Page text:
Verse > Anthologies > William McCarty, ed. > The American National Song Book
William McCarty, comp.  The American National Song Book.  1842.
A Free People
Tune—“Humours of Glen”

THOUGH Britain may boast of her profligate regent,
  Her crazy old king and his pageantry grand;
Her old Tory friends, to her mandates obedient,
  In acting as foes to their own native land;
Yet as Whigs their own country will still think the most of,        5
  In praising Columbia, sure I’m not wrong;
Columbia, containing what Europe can’t boast of—
  I mean A FREE PEOPLE—the theme of my song.
Ye sycophant throng about honours who gabble,
  Your lords, and your dukes, and your bishops profane,        10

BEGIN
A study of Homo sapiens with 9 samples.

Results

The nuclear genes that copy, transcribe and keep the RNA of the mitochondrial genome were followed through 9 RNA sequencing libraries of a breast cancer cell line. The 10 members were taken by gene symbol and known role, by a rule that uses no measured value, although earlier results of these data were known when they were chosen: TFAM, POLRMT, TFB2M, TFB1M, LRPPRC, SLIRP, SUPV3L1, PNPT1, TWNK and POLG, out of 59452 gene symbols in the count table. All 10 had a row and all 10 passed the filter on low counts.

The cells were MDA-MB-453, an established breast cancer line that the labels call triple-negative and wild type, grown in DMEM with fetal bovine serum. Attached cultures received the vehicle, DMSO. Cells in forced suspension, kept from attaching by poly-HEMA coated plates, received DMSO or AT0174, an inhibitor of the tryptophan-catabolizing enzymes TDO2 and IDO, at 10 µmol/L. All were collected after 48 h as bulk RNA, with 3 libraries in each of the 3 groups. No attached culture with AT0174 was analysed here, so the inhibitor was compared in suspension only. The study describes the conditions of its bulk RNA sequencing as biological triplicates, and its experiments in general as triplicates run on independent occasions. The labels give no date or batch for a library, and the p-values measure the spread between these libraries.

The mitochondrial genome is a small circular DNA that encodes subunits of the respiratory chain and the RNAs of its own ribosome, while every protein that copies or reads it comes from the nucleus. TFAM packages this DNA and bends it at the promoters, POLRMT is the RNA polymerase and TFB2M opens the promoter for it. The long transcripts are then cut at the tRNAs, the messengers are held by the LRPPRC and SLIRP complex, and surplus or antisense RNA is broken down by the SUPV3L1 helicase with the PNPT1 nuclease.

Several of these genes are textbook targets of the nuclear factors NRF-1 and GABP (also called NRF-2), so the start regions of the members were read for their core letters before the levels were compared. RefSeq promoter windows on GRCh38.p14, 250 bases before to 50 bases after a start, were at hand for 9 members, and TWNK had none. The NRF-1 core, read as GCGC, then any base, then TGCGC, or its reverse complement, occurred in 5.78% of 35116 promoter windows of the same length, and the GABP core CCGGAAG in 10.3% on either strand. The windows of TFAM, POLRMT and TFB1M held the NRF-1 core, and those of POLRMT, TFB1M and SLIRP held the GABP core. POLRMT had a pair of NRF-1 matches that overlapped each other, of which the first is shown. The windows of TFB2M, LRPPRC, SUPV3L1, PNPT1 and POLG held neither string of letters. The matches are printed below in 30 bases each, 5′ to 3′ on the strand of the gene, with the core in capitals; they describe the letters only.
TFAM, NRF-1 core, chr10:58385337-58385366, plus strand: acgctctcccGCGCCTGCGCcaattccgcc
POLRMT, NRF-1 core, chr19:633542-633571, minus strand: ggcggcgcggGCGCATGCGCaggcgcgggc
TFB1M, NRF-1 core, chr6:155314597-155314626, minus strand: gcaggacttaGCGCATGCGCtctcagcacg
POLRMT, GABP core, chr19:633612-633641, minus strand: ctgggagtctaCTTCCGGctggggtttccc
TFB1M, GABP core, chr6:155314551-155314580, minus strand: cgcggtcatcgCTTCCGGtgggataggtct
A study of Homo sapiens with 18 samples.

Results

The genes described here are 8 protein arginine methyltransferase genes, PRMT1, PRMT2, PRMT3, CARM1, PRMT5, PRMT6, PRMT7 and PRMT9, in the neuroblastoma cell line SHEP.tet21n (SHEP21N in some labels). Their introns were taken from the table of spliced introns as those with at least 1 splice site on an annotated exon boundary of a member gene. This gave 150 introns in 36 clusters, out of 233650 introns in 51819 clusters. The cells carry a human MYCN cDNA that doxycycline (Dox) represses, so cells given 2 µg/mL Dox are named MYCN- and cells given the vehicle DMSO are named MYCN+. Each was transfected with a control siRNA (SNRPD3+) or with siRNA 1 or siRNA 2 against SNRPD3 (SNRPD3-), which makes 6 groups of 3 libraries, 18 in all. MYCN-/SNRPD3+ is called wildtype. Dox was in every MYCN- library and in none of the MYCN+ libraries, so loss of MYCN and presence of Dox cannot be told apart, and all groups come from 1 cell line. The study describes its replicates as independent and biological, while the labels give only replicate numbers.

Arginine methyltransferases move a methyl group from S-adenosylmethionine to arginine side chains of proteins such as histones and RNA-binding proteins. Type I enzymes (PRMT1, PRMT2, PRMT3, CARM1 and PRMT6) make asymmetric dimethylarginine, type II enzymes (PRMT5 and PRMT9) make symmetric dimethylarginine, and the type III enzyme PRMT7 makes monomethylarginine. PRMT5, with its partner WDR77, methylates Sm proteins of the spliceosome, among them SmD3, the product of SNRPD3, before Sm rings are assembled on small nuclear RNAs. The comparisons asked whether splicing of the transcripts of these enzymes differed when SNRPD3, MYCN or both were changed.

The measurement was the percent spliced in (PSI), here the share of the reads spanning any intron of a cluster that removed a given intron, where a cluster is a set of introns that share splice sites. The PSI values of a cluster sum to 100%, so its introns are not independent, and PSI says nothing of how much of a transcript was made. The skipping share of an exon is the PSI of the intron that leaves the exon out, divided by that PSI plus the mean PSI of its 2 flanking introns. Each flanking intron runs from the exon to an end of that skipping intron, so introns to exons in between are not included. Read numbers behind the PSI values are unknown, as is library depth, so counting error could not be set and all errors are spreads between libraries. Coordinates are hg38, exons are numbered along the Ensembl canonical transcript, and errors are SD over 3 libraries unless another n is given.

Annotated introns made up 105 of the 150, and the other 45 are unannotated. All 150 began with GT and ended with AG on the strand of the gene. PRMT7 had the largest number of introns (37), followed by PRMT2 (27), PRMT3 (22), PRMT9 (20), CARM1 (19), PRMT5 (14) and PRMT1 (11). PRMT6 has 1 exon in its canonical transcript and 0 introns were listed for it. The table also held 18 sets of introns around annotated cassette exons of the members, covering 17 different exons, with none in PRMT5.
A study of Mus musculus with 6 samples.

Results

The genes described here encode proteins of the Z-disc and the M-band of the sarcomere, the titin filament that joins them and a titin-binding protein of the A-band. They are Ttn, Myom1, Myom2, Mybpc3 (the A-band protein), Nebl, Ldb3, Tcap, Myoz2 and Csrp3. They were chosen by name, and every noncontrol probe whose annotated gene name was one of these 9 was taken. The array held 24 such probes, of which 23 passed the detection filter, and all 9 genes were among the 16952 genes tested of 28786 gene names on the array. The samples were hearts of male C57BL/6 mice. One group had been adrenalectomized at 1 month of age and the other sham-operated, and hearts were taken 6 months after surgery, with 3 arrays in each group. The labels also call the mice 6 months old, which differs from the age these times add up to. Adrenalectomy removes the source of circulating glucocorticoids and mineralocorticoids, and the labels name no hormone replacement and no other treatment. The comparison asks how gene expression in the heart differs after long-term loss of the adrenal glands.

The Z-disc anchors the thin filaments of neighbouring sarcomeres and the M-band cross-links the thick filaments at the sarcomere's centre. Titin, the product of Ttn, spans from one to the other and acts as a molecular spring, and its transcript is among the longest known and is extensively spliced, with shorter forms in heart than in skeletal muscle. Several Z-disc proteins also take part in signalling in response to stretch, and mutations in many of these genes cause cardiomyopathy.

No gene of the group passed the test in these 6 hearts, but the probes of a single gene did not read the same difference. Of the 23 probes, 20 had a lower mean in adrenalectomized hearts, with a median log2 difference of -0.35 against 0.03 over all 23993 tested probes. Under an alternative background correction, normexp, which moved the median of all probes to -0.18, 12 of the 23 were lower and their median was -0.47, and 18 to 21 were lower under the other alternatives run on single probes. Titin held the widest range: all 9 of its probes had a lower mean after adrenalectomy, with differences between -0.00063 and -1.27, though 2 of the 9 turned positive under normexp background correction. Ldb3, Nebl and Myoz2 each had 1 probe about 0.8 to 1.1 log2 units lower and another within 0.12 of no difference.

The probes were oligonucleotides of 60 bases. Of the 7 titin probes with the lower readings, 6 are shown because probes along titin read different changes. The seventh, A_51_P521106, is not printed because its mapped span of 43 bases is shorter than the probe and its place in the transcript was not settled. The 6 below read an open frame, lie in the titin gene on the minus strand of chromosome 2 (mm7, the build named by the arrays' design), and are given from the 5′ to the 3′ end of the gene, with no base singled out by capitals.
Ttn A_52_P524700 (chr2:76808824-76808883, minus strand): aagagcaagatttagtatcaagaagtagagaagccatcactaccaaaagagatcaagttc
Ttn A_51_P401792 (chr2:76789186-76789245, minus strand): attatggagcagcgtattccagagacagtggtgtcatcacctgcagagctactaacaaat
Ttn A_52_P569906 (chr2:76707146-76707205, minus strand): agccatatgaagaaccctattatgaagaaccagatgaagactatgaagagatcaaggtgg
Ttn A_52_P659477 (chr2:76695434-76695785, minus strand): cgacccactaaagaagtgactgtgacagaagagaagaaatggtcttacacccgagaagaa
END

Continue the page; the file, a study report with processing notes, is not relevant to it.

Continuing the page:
Are fed and upheld by a blind, stupid rabble,
  At once of our nature the curse and the stain:
But for us, truly bless’d with republican spirit,
  We drive all such vermin to where they belong;
The passports to honour are virtue and merit,        15
  Among A FREE PEOPLE—the theme of my song.
’Tis Freedom and Justice Columbians cherish:
  Our rights as a nation are what we demand;
And sooner will Whigs like Leonidas perish,
  Than live to take insults at Tyranny’s hand;        20
And in Europe not only, but all the world over,
  Shall Fame spread the tidings with emphasis strong,
That tyrants in vain have used every endeavour
  To enslave A FREE PEOPLE—the theme of my song.
Then let not Columbians, the contest before us,        25
  Contemplate with doubts or base fears of the end;
For the God of our fathers will surely watch o’er us;
  The offspring of patriots he’ll surely defend;
And let not proud Britain the idea cherish,
  That our fathers are gone, and they’ll ravage our shore;        30
Our fathers left sons who will gloriously perish,
  Or conquer the foe, as their sires did before.